MEXICO CITY – Mexico closed seven service stations Thursday for allegedly selling gasoline and diesel stolen from state-run pipelines, the first confirmation that large amounts of fuel siphoned from illegal pipeline taps are being sold through officially sanctioned gas stations.
The thefts were especially brazen, given that the stations were selling fuel stolen from their own supplier. Pemex runs Mexico's pipelines and supplies the approximately 12,000 official gas stations under a concessionary agreement. Thus, the company knows about how much a station and pump dispatches and whether that matches up with what was supplied.
At the 14 stations, the numbers didn't add up.
"They stopped buying (gasoline) and they continued selling it," said the Pemex official, who was not authorized to be quoted by name.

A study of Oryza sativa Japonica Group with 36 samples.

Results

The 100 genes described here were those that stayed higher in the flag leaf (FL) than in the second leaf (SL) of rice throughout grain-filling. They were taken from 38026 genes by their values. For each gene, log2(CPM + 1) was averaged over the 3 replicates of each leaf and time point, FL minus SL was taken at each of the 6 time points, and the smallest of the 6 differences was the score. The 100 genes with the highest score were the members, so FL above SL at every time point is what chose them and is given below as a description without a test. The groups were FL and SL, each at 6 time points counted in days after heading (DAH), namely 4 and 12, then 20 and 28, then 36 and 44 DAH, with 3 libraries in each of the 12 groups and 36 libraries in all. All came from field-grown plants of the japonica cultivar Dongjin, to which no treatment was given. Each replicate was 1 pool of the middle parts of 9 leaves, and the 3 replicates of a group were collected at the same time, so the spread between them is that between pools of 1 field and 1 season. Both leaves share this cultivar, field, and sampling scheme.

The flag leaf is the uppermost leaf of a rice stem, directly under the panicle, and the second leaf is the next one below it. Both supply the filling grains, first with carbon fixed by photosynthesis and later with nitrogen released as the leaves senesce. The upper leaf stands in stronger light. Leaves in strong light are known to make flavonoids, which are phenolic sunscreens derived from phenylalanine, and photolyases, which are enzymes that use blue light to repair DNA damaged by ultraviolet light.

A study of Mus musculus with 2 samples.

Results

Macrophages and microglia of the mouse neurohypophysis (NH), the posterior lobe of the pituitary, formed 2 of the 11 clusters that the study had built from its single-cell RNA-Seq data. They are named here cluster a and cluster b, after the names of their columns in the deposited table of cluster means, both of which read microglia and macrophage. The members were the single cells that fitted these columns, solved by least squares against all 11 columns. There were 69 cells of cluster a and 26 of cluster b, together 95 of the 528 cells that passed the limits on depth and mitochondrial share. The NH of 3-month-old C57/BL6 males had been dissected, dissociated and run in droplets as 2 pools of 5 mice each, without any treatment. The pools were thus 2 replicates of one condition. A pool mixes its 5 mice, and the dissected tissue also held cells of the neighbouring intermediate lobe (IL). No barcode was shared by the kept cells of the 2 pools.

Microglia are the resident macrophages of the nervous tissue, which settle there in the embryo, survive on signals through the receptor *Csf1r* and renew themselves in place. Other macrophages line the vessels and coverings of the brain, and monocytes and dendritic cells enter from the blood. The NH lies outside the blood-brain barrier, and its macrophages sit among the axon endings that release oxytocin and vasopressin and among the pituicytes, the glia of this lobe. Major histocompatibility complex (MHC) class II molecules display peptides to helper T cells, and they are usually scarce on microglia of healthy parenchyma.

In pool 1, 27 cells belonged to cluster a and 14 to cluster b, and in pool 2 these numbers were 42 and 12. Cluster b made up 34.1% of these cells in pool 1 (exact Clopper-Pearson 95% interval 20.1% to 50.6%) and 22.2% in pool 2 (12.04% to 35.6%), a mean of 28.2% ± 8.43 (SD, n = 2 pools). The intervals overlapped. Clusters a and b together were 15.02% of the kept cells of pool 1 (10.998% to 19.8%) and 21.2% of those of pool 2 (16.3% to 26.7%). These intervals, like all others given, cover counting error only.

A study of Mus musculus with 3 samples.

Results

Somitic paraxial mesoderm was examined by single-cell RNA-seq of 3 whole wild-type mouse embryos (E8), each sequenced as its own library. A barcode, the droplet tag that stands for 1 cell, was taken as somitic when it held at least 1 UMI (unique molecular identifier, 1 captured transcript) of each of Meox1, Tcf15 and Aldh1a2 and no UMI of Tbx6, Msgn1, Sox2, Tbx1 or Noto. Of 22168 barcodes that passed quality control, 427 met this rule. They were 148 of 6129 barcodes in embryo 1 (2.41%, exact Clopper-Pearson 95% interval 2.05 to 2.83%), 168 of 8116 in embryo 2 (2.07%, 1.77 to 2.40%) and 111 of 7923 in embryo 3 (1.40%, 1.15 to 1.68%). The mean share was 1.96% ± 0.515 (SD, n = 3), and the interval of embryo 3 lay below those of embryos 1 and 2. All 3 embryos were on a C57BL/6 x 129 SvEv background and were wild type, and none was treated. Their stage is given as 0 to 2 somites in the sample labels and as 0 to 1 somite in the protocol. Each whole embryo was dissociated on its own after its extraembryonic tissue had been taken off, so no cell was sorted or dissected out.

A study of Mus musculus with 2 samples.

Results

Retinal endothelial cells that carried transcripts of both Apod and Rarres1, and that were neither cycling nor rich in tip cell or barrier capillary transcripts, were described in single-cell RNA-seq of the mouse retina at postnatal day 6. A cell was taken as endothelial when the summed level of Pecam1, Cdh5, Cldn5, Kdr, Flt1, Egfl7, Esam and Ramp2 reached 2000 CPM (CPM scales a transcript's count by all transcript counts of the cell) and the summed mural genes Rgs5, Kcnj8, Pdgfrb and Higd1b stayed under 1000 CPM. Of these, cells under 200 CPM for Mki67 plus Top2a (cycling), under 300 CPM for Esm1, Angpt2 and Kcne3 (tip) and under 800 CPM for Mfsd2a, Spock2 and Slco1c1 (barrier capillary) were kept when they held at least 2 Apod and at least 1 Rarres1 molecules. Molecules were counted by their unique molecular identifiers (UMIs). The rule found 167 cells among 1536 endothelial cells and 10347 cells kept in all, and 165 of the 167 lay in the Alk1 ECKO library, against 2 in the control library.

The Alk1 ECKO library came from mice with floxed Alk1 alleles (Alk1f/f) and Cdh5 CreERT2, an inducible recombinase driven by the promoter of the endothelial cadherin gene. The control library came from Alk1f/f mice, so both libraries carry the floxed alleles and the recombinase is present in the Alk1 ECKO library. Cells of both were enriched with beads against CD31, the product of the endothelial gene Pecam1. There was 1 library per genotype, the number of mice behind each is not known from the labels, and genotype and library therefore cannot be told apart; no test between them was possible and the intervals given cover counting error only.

Observers have long said the amount of fuel taken in widespread pipeline thefts is too much to be sold from plastic containers by the side of the road. Many experts have long believed some of the gasoline and diesel siphoned off by illegal pipeline taps is being sold to businesses or at gas stations.
In May, gunmen used residents of a small Puebla town as human shields and opened fire on army patrols investigating pipeline thefts. Four soldiers and six suspected criminals were killed in the clashes.
Treasury Secretary Jose Antonio Meade said this week that more than 6,000 illegal pipeline taps had been found in 2016 and officials have been detecting an average of about 20 taps a day this year. Earlier, he estimated that fuel theft costs the country about $1 billion a year.
The closure announcement Thursday was the first significant crackdown on such stations, though at least one station had been detected in the northern city of Monterrey as early as 2012.
There have been suggestions before that fuel theft was occurring on an industrial scale in Mexico.
In June 2012, the Mexican navy seized a Mexican-flagged ship in the Gulf of Mexico heading toward Honduras with nearly 80,000 gallons (300,000 liters) of stolen diesel aboard, presumably from Pemex. The next month, the navy caught another ship in the Gulf with nearly 106,000 gallons (400,000 liters) of presumably stolen diesel.